Northwestern State University recently installed a marker for Isabella, the university’s resident ghost. The marker is located on Normal Hill, the oldest part of the campus, near the three columns that were once part of the Bullard mansion.
The marker was paid for by a grant from the William G. Pomeroy Foundation, which awards grants for Legends and Lore roadside markers.
Isabella is a beloved fixture at Northwestern and bridges the early history of the campus, when it was the site of the Academy of the Sacred Heart, to the modern day. Origin stories vary, but legend has it that Isabella has inhabited the campus since the Civil War era.
Prior to NSU’s establishment as the Louisiana State Normal School in 1884, the site of the campus was home to the Bullard family and a mansion the family completed in 1832. In 1850, the property was acquired by Bishop Auguste Martin who ceded the buildings and acreage to the Academy of the Sacred Heart for an expanded school and convent. The Academy operated for several years until declining enrollment in post-Civil War years forced its closure in 1875.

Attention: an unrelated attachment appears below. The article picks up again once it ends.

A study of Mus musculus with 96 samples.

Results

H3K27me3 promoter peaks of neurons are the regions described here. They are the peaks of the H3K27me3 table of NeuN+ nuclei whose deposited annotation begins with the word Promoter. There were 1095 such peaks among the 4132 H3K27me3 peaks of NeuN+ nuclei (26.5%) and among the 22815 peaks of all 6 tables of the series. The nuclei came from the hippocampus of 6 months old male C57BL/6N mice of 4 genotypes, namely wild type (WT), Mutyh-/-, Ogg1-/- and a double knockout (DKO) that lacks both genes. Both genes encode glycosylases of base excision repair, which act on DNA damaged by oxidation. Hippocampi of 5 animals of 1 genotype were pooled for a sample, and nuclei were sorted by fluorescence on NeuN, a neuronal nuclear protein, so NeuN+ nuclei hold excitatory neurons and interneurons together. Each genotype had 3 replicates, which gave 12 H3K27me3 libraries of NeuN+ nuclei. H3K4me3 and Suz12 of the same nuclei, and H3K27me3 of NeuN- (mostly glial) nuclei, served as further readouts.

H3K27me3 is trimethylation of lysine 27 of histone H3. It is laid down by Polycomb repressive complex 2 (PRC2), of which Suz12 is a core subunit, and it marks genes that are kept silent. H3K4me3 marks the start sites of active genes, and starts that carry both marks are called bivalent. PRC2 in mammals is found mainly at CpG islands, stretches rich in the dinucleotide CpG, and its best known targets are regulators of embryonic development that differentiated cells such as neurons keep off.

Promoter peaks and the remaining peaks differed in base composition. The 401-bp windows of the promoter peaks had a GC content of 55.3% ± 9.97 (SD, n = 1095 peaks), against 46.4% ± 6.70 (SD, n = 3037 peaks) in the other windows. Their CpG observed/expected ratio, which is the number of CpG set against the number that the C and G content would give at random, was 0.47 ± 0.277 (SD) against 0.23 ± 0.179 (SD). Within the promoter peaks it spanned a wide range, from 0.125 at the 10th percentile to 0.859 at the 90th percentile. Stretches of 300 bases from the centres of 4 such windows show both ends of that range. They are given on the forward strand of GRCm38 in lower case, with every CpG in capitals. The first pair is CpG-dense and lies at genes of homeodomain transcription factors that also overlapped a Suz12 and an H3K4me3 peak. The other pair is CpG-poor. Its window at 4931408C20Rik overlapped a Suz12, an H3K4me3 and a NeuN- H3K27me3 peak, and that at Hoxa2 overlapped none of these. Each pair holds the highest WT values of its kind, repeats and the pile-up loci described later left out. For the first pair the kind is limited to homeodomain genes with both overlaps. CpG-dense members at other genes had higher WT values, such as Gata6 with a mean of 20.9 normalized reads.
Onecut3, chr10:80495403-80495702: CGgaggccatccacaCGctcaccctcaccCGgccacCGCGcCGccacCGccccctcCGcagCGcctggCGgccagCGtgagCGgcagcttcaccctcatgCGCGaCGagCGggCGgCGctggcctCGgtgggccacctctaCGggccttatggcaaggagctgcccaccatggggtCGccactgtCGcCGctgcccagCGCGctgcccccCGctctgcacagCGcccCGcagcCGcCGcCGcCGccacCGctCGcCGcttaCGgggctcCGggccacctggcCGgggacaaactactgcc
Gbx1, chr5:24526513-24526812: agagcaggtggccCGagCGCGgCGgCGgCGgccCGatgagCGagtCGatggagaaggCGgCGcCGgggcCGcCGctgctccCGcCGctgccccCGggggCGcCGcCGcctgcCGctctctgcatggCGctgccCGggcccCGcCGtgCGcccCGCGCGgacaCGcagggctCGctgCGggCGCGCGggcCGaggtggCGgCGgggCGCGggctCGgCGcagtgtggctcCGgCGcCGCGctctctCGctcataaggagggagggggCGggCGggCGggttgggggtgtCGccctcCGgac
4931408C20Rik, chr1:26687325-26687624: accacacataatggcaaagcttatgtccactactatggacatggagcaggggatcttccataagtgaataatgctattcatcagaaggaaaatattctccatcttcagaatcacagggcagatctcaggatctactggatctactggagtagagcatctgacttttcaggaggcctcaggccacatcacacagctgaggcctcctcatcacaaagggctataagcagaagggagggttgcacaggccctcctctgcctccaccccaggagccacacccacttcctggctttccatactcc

Isabella, according to legend, has occupied the campus’s oldest buildings since the days of the Sacred Heart Academy, moving locations as buildings burned or were torn down. When Caldwell Hall burned in 1982, more than 750 students gathered on Halloween night and performed a ceremony to aid Isabella in her transition to the Old Women’s Gymnasium, now home to the National Center of Preservation Technology and Training. But some sightings have been reported around Varnado Hall and the three columns on Normal Hill that are all that remain of the Bullard mansion.
NSU students will celebrate Halloweek beginning Monday, Oct. 23 with a series of events, including “Chasing Isabella” and the Myths and Legends event beginning at 8 p.m. Tuesday, Oct. 24 where they can learn more about Isabella and additional NSU lore.
On Oct. 31, 2019, NSU’s Student Government unveiled a portrait of Isabella painted by Camilo Mantilla, then a graduate student, that hangs in the Sylvan Friedman Student union. She is viewed by the NSU family as a spirit who watches, welcomes and helps preserve Northwestern’s rich history.